Going rogue

For a self-described movie-buff, it's been a while since I've ventured out to the theater.

I missed "The Meg," I skipped "Slender Man," I even passed on "The Predator."

But I went to see "Venom." And I liked it.

Is it a 'must see' movie event? No.

Is the story kind of nonsensical? Yes.

Is it weird watching Tom Hardy act at an 11 while everybody else is at a five or six? Less than you'd think.

"Venom" has been, justifiably, described as a movie out of time. A throwback to the days before Marvel Studios changed the game. The movie would fit right in among "Daredevil" and "X-Men," when comic book fans were resigned to the idea that comic book movies would be loosely adapted and self-contained. In "Venom's" case, the film version is so loosely adapted from the source material that it forgoes any relationship at all with Spider-Man.

Venom, in the comics, originated as a slick new costume that Spider-Man brought back to Earth after participating in an otherworldly battle where a sentient universe plucked away the world's most prominent heroes and villains and forced them to fight. Comics are weird.

After Spider-Man rejected his new parasitic duds, the heartbroken alien ends up wrapped around disgraced journalist Eddie Brock, literally and figuratively bonding over their mutual grudges against him. Their battles played out for a while until the popularity of the character convinced Marvel to semi-reform Venom into the 'Lethal Protector,' ushering in the 90s era of the grimdark anti-hero.

None of this is in the movie.

Strangely enough, it doesn't need to be.

This isn't the first time a movie studio has tried making a movie about a secondary character while omitting their primary source. Halle Barry's "Catwoman" comes to mind, as does Shaquille O'Neal's "Steel," and both should be quickly forgotten again.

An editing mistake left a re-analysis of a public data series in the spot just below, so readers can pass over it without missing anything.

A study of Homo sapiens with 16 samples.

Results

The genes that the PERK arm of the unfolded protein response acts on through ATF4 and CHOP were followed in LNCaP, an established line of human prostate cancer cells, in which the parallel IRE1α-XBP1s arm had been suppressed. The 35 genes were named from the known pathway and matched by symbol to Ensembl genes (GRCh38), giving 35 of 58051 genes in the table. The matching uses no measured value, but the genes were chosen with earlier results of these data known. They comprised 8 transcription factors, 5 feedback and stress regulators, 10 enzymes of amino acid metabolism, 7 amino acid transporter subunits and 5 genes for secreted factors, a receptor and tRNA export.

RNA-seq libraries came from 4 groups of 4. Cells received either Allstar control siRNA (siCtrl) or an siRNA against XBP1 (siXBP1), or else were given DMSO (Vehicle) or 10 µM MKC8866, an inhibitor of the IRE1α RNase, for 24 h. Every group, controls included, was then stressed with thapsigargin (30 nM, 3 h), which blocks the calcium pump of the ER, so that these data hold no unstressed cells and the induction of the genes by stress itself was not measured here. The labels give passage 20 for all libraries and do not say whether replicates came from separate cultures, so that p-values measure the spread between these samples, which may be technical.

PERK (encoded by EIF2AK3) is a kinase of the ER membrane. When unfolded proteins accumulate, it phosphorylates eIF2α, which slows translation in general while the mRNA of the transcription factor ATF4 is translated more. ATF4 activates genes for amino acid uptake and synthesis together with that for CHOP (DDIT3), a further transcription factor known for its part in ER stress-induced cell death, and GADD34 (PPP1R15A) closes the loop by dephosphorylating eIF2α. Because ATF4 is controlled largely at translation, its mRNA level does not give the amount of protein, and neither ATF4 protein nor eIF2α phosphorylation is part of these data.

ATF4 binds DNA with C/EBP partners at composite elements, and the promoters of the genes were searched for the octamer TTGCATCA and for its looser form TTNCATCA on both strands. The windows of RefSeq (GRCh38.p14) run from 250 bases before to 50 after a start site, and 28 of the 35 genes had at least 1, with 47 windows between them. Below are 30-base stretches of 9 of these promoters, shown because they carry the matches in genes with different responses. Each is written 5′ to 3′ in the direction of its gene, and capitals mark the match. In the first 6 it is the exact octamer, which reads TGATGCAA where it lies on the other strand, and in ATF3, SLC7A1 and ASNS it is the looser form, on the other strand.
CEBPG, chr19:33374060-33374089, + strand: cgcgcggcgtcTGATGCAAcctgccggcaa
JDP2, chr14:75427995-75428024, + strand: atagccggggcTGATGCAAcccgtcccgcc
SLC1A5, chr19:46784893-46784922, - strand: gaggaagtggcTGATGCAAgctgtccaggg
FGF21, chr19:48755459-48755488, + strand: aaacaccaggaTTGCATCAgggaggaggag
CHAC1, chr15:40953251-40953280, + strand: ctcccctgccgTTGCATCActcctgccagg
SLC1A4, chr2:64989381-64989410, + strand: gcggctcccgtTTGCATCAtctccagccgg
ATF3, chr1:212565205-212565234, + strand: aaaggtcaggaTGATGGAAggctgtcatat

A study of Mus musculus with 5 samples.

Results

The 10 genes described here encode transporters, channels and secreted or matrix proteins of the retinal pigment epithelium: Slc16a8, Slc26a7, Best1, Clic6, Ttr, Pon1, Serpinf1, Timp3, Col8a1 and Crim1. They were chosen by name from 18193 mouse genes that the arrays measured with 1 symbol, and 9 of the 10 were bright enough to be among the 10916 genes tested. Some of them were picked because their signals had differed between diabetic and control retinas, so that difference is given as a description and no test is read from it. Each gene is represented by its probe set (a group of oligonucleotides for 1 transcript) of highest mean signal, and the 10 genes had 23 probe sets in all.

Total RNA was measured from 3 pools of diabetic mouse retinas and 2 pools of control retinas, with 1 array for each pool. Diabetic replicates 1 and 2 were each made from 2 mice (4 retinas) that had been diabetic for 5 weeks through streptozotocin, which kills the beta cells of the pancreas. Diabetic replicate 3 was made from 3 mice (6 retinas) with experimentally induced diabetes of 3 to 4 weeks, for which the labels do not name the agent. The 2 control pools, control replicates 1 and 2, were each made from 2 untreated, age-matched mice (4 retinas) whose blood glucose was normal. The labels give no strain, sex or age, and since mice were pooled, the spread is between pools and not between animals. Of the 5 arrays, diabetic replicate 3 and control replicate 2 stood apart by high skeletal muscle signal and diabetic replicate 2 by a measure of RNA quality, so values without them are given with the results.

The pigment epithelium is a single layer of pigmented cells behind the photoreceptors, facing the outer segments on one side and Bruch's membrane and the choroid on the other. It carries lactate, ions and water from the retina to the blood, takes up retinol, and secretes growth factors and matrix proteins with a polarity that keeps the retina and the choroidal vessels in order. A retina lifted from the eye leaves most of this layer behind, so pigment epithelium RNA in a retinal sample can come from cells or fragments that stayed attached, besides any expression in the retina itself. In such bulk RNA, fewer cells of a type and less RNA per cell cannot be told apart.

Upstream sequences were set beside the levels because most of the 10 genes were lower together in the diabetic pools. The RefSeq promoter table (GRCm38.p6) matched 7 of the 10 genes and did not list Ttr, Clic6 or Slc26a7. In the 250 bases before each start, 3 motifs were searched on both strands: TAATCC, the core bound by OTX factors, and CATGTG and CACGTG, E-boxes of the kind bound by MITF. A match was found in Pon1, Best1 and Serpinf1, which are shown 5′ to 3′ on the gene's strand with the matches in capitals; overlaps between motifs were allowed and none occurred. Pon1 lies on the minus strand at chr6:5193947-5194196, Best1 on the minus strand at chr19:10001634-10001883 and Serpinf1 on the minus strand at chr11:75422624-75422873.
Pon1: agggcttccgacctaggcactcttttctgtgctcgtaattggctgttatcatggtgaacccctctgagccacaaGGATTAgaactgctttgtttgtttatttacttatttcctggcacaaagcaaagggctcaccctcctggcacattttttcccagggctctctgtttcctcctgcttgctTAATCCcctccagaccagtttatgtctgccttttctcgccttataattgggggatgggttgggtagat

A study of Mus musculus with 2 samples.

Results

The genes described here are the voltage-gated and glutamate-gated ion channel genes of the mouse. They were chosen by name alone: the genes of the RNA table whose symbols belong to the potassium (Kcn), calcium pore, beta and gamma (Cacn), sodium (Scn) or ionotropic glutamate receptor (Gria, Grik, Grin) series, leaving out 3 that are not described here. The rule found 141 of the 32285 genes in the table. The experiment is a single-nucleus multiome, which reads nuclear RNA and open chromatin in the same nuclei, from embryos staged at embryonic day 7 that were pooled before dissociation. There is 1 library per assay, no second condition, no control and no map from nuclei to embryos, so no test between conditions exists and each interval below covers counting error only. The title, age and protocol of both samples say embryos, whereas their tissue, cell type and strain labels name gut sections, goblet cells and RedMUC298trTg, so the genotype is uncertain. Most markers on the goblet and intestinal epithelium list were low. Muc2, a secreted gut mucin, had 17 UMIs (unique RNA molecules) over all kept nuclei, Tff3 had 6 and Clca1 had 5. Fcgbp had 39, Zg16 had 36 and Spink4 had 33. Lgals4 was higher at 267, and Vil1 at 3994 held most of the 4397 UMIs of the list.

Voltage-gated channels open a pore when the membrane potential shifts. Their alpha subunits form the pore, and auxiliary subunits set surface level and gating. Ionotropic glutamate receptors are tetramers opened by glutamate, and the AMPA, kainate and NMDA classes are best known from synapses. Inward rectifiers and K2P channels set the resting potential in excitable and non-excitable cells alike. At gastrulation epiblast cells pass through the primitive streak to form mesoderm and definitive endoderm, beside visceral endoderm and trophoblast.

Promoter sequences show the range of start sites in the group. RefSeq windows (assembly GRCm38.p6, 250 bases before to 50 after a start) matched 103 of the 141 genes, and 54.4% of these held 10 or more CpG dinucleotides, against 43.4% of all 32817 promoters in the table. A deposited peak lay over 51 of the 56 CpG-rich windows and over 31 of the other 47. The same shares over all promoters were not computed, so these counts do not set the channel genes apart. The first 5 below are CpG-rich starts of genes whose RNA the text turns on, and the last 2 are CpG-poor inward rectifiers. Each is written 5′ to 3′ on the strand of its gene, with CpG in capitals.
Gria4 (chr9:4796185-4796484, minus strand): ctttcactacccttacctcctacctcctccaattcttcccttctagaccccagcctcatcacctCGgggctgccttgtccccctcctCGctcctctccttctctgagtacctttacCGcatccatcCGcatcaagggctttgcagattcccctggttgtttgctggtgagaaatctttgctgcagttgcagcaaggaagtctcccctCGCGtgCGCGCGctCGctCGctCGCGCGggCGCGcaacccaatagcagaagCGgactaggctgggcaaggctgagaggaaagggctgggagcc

Yet, even without Spider-Man, "Venom" manages to hit all the major beats of the character and it looks pretty great while doing it. It's not a great movie. It may not even be a good movie. But it was good enough.

Audiences seem to agree. Enjoying the benefit of low expectations, "Venom" saw an unexpectedly strong opening box office.

This is good news for Sony, who have been even less successful at starting up their own cinematic universe than Warner Bros. Once upon a time Sony dreamed of using Mark Webb's "Amazing Spider-Man" to launch a spider-centric series of movies, with Drew Goddard attached to a theoretical Sinister Six movie that never materialized.

Unfortunately, the financial failure of Webb's movies (which I still maintain are better than either "Spider-Man: Homecoming" or Sam Raimi's trilogy) put an end to those plans.

Since then, Sony has been adrift, haphazardly trying to figure out how to exploit the exclusive rights they still hold for Spider-Man's ancillary characters.

For the time being it seems that they've surrendered the web-slinger himself to the MCU, leaving them with a toy-box full of villains without a hero to unite them.

Not that I trust Sony will turn themselves around, I can't help but be almost morbidly curious to see where they go from here. Once upon a time it was crazy to think that Marvel could set up their own movie studio and make a successful series around C-list characters like Iron Man, Captain America, and Thor.

Is it likely that Sony could pull the same trick? Can they create a successful cinematic universe centered around obscure Spider-Man villains and anti-heroes like Venom, Silver Sable, and Morbius the Living Vampire? And, just for the extra challenge, can they do it without using Spider-Man, the biggest weapon in their arsenal?

Probably not, but I kinda want to see how far they can get.

Travis Fischer is a news writer for Mid-America Publishing and says bring on "The Black Cat."